I have been asked by the Arthur Page Society to head a subcommittee about PR and Business Schools, which has me reflecting upon my time spent earning my MBA. When I attended Columbia about 10 years ago, no one in my class knew what PR was, nor were there any students in my class who had experience in the field or had any intention of pursing a job in the field. And, there was no mention of the craft in any of the curriculum – full stop. It was discouraging.
Perhaps even more discouraging was that the elite headhunters in our business told me that having an MBA would not earn you more money or be a factor for a top communications post. Despite this, I have been a big advocate for PR professionals getting MBAs and about 30 percent of our firm has earned one. I am also proud to say that in the last few years we've had a few of our folks accepted to the top business schools in the country (shout out to Sarah Freeman for her recent acceptance to Chicago).
So the question is, have business schools changed their attitude toward the MBA? Could they possibly now be interested in injecting reputation management, crisis communications or any of the other PR disciplines so important to boards and CEOs into the curriculum? Or, are they sitting in the same spot as 10 years ago when their constituents (MBA students primarily headed for investment banking and consulting jobs) actually now recognize they might need to understand communications and reputation management. This is going to be my quest … to find out.
I have a few theories of my own:
1. The crisis in corporate trust which was hatched thanks to Enron and WorldCom changed the game. Every board room woke up to the value of reputation. This may have been the start of MBA schools thinking first about ethics, but next about communications.
2. The financial crisis has created a whole new Wall Street where private equity firms, hedge funds and investment banks all have PR firms on-board. The CEOs and managing directors of these firms all understand the importance of reputation, and as much as they would like to, can no longer stay hidden from the world. For the most part, they understand that they need to participate in the telling of their stories to the world and have relationships with influencers.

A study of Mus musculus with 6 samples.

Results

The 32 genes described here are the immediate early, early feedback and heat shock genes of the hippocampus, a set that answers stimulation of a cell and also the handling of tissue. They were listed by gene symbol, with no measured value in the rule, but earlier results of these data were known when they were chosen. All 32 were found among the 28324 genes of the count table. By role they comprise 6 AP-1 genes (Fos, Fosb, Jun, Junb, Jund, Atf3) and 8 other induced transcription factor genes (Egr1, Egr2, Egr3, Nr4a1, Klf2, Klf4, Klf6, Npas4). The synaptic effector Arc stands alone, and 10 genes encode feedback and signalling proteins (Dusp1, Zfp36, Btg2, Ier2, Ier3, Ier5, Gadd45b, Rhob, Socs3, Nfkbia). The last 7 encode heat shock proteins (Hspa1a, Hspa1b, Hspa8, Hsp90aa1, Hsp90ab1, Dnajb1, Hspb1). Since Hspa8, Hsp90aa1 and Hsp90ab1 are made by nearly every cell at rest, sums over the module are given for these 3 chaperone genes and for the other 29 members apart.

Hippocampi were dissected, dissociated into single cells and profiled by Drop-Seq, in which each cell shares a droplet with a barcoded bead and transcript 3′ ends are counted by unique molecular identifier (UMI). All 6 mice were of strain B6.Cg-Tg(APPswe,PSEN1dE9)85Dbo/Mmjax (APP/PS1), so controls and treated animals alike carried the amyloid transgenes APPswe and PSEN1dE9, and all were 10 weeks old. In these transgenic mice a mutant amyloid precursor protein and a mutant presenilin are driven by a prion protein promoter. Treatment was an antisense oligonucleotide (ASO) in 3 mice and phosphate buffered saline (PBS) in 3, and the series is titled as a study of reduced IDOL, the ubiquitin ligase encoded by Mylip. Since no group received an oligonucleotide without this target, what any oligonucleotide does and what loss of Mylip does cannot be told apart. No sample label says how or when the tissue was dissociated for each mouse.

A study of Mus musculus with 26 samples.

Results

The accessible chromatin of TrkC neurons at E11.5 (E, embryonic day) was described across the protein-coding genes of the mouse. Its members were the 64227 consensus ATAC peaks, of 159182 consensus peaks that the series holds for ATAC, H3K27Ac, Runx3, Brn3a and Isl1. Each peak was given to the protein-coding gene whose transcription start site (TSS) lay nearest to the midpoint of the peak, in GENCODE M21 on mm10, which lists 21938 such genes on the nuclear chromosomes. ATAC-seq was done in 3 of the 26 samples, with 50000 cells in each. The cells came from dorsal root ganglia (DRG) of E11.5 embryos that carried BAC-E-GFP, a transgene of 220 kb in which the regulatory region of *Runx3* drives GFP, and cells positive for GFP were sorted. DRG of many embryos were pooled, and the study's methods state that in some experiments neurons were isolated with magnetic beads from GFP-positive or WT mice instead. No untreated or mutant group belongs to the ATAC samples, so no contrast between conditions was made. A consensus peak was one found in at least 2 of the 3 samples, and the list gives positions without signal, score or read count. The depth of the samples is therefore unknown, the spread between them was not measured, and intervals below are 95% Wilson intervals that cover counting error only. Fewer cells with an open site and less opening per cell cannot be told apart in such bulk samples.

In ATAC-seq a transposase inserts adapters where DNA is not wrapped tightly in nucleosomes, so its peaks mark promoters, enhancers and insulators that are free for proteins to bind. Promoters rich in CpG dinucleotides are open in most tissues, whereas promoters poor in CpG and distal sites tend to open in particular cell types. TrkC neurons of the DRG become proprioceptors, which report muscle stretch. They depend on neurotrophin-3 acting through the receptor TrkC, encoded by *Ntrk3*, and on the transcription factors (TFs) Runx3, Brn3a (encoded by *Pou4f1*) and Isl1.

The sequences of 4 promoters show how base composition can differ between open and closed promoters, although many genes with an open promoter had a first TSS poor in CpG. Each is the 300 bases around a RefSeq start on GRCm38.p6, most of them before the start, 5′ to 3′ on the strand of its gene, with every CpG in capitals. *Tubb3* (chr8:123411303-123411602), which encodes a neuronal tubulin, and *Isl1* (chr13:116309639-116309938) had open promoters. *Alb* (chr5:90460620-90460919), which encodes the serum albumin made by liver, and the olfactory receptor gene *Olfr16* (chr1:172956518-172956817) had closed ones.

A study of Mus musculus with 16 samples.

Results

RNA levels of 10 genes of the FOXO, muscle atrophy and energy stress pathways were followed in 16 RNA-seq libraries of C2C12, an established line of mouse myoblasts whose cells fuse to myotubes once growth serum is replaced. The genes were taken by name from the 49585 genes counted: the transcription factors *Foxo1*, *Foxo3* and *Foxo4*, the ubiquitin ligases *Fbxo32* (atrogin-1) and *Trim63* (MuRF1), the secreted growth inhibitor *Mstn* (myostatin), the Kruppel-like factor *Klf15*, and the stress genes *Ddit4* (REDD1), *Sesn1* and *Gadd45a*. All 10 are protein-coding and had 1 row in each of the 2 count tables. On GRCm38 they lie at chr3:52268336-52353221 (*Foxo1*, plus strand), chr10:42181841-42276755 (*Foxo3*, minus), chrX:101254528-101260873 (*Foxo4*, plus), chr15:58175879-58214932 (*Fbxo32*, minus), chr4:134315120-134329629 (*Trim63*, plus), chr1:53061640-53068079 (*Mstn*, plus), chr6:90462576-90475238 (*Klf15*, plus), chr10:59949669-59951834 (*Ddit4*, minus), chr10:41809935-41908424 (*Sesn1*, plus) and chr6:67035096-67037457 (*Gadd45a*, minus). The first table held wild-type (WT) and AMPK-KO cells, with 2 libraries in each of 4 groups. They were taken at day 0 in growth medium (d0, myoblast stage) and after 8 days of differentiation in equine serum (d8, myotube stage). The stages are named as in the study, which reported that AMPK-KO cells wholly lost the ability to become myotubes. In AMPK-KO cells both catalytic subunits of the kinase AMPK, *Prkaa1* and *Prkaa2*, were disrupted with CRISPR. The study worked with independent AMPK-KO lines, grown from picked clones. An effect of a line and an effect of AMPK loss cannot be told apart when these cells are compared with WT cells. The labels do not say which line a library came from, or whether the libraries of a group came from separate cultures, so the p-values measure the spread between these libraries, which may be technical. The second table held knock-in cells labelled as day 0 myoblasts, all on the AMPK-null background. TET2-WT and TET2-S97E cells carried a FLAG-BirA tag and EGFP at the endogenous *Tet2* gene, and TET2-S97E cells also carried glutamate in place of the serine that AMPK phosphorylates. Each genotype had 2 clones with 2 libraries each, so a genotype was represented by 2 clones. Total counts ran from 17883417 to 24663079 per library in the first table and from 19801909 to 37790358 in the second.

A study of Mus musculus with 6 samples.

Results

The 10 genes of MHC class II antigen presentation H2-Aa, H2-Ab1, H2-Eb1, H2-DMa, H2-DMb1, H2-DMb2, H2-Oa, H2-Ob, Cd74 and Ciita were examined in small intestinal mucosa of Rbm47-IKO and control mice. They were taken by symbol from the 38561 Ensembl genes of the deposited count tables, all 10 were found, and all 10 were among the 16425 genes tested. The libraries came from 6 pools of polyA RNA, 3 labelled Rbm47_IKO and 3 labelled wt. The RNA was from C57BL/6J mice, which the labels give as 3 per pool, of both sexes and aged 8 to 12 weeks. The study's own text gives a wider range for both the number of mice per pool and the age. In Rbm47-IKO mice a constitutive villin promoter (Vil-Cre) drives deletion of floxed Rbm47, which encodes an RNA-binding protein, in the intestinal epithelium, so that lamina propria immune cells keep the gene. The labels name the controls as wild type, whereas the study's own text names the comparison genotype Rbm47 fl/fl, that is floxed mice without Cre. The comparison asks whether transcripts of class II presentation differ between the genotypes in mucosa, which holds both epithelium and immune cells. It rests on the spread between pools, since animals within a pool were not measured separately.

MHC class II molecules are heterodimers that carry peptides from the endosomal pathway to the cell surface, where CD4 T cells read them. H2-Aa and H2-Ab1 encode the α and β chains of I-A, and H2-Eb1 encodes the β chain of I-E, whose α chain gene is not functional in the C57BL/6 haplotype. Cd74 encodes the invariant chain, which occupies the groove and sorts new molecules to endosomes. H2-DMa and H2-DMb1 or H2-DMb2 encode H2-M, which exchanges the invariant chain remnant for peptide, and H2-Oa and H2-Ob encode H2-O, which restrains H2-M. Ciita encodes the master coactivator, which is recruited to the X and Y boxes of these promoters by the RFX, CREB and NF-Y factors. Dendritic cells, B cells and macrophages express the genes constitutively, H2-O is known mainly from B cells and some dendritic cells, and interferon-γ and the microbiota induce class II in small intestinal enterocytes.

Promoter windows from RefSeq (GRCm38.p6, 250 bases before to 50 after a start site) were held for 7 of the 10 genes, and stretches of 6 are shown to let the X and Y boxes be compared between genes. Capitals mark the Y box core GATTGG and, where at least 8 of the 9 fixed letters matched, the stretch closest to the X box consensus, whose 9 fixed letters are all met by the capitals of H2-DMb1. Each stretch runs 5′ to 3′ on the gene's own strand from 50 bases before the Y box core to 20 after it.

3. For these reasons above, my hunch is that deans can be convinced that there is a skill gap in what they are teaching our future leaders. And, perhaps more importantly, there is a gaping hole in their curriculum.
I don't know if I am right to think 10 years after my graduation that business schools might be ready to inject PR into the classroom. I am going to try to find out with the committee at the Page Society. What I worry more about is that I don't see the appetite for investment on the agency or corporate side for putting PR folks through business school. This, I think is a major mistake. At CJP, we support our folks looking to earn the MBA. We strongly believe you must learn the “language of business” to really understand our client companies. There is no doubt you learn our profession in the trenches, but the ability to consult and bring the confidence necessary to lead clients is dramatically enhanced via the MBA process.
Jen Prosek is managing partner at CJP Communications.